Panoramas of the Outback

Hi Folks,

Was uploading some panoramas I took in the outback to the website yesterday and thought I would share them with you here as well.

Canning Stock Route Breaden hills

Breaden Hills Canning Stock Route

This image was taken at sunset at the Breaden Hills, which are around 100kms south of the northern end of the Canning Stock Route. The area is within the Southesk Tablelands, named by the explorer David Carnegie after his father the 7th Earl of Southesk. The hills hold significance to Aboriginal people, and contain stone tool sites, waterholes, a stone hunting hide and some petroglyphs. There was plenty of humidity in the air, and there was lightning about the tablelands. I was preparing dinner when the range lit up, so I grabbed the camera. My expedition to the Canning is here.

Cooper Creek in flood Etadunna

Sunset reflections on the flooded Cooper floodplain at Etadunna

In 2011 the Cooper had crossed the Birdsville Track, an event that only occurs every twenty odd years. We were heading down towards the mouth and camped in the horse paddock on Etadunna, right on the banks. The cacophony of birdsong was almost deafening as I wandered down to get a shot of the sunset. I returned to this very spot in May 2012 and it was a dusty clay pan, dry as a chip.

Lake Cohen in flood

Flooded Lake Cohen in the Gibson Desert.

Lake Cohen is an ephemeral wetland in the middle of the Gibson Desert Nature Reserve. It is really a giant clay pan that regularly holds a sheet of water. It is an important wayside stop for migratory birds. There is no water for miles around, and it is about as remote a place in Australia as you can get, almost directly between Newman and Alice Springs.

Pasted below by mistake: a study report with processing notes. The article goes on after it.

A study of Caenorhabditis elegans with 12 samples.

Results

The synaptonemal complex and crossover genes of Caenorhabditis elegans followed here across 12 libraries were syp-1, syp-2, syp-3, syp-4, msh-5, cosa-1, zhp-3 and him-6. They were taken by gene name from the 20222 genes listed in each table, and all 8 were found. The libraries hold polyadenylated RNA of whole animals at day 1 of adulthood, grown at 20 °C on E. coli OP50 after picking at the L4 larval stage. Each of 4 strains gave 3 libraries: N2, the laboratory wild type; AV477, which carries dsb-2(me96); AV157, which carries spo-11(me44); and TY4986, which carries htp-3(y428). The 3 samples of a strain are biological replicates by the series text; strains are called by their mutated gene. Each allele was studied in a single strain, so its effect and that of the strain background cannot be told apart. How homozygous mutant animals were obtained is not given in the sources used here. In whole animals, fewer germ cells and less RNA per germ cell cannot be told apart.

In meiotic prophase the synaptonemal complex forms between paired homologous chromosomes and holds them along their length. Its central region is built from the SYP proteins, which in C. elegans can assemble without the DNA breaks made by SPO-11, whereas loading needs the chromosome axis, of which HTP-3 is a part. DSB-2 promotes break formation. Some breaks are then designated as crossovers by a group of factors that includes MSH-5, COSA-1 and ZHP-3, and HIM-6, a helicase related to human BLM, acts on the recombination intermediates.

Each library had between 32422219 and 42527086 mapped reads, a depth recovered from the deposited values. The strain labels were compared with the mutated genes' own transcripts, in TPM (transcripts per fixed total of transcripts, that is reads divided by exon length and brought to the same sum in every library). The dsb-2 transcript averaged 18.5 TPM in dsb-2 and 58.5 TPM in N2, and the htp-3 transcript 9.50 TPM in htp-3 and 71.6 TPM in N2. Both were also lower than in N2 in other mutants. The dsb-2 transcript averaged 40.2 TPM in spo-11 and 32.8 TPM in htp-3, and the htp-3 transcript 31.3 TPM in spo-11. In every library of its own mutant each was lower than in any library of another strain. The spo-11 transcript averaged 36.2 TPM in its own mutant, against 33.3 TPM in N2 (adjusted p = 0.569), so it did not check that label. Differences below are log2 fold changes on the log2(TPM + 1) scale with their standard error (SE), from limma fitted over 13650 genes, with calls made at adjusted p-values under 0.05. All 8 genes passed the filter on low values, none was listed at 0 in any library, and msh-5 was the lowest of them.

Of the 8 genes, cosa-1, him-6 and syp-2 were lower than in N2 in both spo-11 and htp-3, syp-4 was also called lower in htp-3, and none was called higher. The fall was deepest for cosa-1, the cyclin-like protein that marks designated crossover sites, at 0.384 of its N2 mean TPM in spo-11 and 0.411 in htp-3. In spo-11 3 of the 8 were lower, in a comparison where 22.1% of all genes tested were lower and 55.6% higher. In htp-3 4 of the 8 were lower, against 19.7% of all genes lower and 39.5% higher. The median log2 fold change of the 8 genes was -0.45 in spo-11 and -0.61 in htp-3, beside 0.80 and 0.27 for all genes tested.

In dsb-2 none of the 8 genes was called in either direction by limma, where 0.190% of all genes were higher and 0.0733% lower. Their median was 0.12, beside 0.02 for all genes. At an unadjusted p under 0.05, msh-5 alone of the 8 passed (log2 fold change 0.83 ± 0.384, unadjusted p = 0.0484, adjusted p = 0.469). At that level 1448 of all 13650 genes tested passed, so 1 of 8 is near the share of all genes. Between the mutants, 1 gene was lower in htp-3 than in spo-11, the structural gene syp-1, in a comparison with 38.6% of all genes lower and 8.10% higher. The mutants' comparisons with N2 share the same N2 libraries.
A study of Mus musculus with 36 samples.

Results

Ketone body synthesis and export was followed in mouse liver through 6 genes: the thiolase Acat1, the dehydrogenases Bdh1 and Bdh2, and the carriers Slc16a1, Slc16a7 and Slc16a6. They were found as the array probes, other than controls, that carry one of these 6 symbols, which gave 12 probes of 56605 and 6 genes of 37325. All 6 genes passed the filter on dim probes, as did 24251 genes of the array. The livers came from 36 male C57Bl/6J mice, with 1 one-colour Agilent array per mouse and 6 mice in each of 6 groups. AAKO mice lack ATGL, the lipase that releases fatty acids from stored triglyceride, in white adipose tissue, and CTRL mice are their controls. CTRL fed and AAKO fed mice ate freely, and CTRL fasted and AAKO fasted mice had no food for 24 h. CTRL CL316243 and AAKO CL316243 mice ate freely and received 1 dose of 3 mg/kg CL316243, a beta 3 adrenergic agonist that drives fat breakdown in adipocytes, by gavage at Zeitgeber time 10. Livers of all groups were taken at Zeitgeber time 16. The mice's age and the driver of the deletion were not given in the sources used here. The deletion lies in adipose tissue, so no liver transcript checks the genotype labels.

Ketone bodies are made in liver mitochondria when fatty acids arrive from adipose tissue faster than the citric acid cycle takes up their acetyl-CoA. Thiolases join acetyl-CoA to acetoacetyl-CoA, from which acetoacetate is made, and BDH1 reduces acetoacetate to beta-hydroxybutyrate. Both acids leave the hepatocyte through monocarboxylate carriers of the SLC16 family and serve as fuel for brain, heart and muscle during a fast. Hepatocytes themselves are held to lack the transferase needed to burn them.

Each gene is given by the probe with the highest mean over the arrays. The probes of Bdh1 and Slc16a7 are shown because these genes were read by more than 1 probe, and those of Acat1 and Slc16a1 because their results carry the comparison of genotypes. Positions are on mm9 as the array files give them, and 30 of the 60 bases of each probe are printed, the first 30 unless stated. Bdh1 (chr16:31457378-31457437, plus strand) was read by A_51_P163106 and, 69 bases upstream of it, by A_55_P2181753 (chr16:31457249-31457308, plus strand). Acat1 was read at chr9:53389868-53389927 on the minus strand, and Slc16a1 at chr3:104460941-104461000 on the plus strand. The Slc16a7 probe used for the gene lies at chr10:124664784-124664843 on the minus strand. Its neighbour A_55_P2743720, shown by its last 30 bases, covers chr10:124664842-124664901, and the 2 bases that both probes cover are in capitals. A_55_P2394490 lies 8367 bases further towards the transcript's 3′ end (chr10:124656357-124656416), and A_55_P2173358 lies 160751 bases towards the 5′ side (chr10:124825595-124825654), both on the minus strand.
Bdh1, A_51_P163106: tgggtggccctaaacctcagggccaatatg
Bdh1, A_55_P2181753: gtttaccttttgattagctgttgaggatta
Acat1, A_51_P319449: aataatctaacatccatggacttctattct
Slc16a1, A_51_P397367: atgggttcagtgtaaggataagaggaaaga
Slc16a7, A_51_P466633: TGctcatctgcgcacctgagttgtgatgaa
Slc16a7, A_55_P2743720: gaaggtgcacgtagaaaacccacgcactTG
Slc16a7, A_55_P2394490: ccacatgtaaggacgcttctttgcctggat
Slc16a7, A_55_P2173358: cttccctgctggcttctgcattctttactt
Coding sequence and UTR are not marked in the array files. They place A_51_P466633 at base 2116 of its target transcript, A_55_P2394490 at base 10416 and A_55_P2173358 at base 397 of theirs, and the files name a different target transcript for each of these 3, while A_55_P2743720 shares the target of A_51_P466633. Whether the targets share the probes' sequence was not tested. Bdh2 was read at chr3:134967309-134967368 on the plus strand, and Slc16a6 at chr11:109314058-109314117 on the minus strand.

Looking out of Balgo Pound, a view to take your breath away

The Balgo Pound is one of the most spectacular breakaways in outback Australia, the flat spinifex plains of the Tanami Desert are broken by a spectacular laterite escarpment, the views take your breath away. We had been travelling for days up a track that doesn’t appear on any maps from Lake Mackay on the NT/WA border and suddenly arrived at the pound.

Sir Frederick James Range

Vehicles descending on a steep track in the Sir Frederick James Range

The Frederick James Range is half way up the Sandy Blight Junction Road, a track put in by road builder and surveyor Len Beadell in 1963 as part of a network of roads for the Woomera Long Range Weapons testing program. Consisting of alluvial conglomerate, there is a steep 4X4 track to the summit. The view that awaits is astonishing. In this panorama you can see in the far distance the Peterman Range, with Lake Hopkins in the foreground. Though not in the photo, when we were there to the left we could see Mt Liebler in the Kintore Ranges, meaning the entire 380km Sandy Blight Junction track was visible from the top of this range.

About Andrew Dwyer

I am a cook, author of three published cookbooks, historian and expedition leader. I live in Jamieson, a town with a population of 200 in a valley where two rivers meet in the Australian High Country. I am married to Jane and we have three grown ups that were once children. They all return home regularly for short visits. Life is good. NB: This site uses Australian English, so if you are American you may struggle with the spelling.

  1. Paul Gannan says:

    Very nice pictures and a good commentary. Looks and sounds like you had a great trip.

  2. Alan Ford says:

    Everyone should try and go to the Breaden Hills, to say nothing of Lake Cohen. That lake, with water in it is really quite spectacular, particularly considering its position in the centre of the continent.

  3. Rick Moore says:

    And they are vistas enjoyed all the more when shared with enthusiastic travellers and botanists like Alan Ford.

  4. Charolette says:

    I located your website from Google and I need to claim it was a wonderful locate.